Edited by Luca Fiorentino

The drawings of Domenico Peruzzini are in part yet to discover, as there are few of his sheets in public collections, and those in private collections are rare as well; consequently little has been written about his drawing1.

Born in Castro Durante (now Urbania), his artistic career developed between his home city, Pesaro and Ancona. But in my opinion, it seems evident that Domenico must have undertaken some trips to Bologna and Rome, as there are strong traces recalling the work of a few artists working in those cities in his surviving paintings, engravings and drawings.

The sheets conserved at the Municipal Library of Urbania show a still young artist, while others suggest one of one perhaps too far along in years, but his ties to Simone Cantarini appear strong, especially with regard to prints. As Marina Cellini has noted, sheets by Domenico are often found signed, and this is one of them2.

This old master drawing is well-executed, with soft, sinuous lines where the draping requires them, and quick, sharp ones when needed to succinctly define clean contours. There is a masterful use of brushwork, guiding ink at various stages of dilution into the deep shadows of folds and the ethereal wings that seem almost without delineated contours. The drawing is by a mature, technically trained artist, directly corresponding to what Cantarini had postulated in the early part of the 17th century, but keeping pace with the times and with developments in Bologna involving the Sirani family3.

There seems to be an echo or Rome (perhaps a memory of his first maestro Gian Giacomo Pandolfi) in the folds and in the pose of the shoulders with the face turned towards the observer, recalling, for example, certain angels by Roncalli or the Zuccari brothers, but interpreted with an eye towards another great artist who made his name in the Marches: Federico Barocci. Peruzzini never sought to follow the naturalistic path he might have observed in Guerrieri or in Orazio Gentileschi’s Marches period efforts, but instead chose a classicising atmosphere that must also be associated, in his later life, with Giovan Domenico Cerrini.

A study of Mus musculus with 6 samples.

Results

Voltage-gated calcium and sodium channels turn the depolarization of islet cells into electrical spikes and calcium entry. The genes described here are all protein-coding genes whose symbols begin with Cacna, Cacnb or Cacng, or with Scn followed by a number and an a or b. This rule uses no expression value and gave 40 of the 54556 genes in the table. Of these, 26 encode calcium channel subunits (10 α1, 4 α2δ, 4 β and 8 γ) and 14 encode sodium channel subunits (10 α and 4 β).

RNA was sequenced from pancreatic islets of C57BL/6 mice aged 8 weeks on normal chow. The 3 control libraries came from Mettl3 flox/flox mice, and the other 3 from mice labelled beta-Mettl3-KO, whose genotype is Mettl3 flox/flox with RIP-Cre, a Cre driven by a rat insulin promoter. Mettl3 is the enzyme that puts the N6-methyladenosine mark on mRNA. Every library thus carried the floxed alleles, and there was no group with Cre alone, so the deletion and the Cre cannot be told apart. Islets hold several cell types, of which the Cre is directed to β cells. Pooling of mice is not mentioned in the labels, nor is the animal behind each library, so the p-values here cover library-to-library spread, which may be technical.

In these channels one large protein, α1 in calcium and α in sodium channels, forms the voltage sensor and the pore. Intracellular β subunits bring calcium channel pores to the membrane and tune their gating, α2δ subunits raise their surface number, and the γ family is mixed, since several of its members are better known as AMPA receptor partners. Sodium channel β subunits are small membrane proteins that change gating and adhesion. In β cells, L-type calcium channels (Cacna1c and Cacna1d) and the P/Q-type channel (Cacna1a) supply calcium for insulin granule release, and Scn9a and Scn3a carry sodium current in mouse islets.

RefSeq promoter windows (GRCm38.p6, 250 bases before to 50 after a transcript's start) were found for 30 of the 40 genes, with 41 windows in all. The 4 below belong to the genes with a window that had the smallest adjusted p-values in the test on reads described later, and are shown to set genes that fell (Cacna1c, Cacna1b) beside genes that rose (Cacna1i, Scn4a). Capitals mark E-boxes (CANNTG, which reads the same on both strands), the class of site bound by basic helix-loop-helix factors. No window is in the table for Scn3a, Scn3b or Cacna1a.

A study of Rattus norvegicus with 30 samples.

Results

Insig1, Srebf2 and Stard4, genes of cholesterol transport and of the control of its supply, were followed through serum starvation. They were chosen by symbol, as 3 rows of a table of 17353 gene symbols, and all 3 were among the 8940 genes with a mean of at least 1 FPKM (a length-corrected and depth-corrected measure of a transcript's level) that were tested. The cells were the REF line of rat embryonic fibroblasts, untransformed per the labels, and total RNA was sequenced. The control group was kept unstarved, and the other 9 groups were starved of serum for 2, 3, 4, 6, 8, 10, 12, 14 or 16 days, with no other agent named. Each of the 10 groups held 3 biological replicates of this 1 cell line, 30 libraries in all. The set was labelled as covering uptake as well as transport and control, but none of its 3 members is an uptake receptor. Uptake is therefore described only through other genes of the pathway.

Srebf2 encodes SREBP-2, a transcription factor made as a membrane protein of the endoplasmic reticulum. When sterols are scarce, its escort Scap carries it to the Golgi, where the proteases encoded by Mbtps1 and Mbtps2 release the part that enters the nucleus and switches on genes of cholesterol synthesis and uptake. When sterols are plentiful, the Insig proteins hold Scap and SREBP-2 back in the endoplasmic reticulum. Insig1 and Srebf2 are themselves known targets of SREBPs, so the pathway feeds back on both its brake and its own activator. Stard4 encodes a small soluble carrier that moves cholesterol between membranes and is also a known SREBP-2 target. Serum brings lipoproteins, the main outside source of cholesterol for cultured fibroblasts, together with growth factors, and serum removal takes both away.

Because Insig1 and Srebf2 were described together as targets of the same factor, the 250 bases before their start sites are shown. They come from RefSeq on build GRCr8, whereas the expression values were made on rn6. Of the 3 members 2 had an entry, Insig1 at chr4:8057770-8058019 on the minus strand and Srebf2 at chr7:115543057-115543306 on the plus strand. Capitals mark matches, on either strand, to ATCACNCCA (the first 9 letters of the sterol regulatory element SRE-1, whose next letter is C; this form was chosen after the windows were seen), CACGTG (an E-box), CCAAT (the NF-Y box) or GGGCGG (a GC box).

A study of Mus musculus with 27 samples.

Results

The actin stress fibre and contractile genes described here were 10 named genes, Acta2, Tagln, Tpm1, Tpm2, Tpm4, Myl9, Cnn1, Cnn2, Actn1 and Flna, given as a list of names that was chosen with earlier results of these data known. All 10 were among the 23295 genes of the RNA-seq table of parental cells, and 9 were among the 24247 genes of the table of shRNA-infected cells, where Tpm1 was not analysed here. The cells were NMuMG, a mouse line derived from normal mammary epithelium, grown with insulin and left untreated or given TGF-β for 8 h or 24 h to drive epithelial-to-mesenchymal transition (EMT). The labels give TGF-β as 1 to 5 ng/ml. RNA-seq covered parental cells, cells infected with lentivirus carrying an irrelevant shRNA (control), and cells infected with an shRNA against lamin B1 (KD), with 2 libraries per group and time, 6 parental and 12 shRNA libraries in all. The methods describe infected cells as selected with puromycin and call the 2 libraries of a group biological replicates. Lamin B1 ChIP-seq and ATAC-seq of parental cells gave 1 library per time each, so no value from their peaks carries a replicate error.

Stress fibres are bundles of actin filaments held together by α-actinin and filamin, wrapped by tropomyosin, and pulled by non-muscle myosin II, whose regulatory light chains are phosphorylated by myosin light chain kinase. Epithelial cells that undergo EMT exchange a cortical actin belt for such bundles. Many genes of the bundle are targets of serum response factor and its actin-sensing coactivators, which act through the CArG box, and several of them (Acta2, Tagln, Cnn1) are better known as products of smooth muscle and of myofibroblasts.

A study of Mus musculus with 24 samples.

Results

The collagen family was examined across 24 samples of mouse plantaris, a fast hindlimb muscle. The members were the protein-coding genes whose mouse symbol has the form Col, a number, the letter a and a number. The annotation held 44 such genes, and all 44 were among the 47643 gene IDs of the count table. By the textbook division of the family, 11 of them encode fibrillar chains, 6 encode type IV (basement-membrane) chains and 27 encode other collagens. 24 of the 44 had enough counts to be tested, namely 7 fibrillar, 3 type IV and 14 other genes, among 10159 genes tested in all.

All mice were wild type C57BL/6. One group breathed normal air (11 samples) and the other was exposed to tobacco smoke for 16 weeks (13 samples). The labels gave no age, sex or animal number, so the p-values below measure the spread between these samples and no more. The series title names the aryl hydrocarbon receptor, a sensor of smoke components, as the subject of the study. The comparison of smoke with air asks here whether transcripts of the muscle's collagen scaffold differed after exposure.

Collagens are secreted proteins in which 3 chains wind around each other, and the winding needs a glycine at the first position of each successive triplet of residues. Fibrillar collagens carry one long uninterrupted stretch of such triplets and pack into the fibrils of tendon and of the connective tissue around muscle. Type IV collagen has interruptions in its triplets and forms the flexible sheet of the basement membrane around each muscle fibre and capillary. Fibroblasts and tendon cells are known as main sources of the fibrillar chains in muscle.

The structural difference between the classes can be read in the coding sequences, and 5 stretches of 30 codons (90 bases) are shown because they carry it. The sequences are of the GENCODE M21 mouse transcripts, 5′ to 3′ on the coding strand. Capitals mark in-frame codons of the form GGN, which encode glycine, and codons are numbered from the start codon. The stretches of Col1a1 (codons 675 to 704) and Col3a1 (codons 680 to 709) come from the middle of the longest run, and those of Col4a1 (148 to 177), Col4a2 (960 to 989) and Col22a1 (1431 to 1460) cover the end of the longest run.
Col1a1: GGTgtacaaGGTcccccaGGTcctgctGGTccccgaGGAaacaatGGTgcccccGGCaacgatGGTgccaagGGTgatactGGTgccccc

Absorbed in playing chords on his lute, the angel gazes beyond the spectator, listening to music that we can only imagine.

1 On Domenico Peruzzini’s drawings see:

Angelo Ottolini, I disegni di Domenico Peruzzini, in ‘Arte Cristiana’, 700, 1984, LXXII, pp. 25-32;

Marina Cellini, Domenico Peruzzini, in Federico Barocci, Giovan Francesco Guerrieri, Domenico Peruzzini. Tre disegnatori delle Marche nella Collezione Ubaldini, writings by Marina Cellini, Bonita Cleri, Mauro Mei, Feliciano Paoli, John T. Spike, catalogue from the exhibition in Urbania, Palazzo Ducale July 23-September 11 1994, Urbino, 1994, pp. 131-134.

2 See the interesting contribution by Marina Cellini, cit., 1994, pp. 131- 134, in particular, see for comparison with this drawing the Studio per figura maschile sdraiata, entry 48, and the Figura femminile mitologica, entry 54, both from the collections of the Museo Civico di Urbania (Ubaldini Collection) which the scholar dates to the ’30s.

3 See also the catalogue entry by Simonetta Prosperi Valenti Rodinò on a Peruzzini drawing conserved at the Pinacoteca Nazionale in Bologna: Figure. Disegni dal Cinquecento all’Ottocento nella Pinacoteca Nazionale di Bologna, eds. Marzia Faietti and Alessandro Zacchi, Milan, 1998, entry 61 pp. 174-175.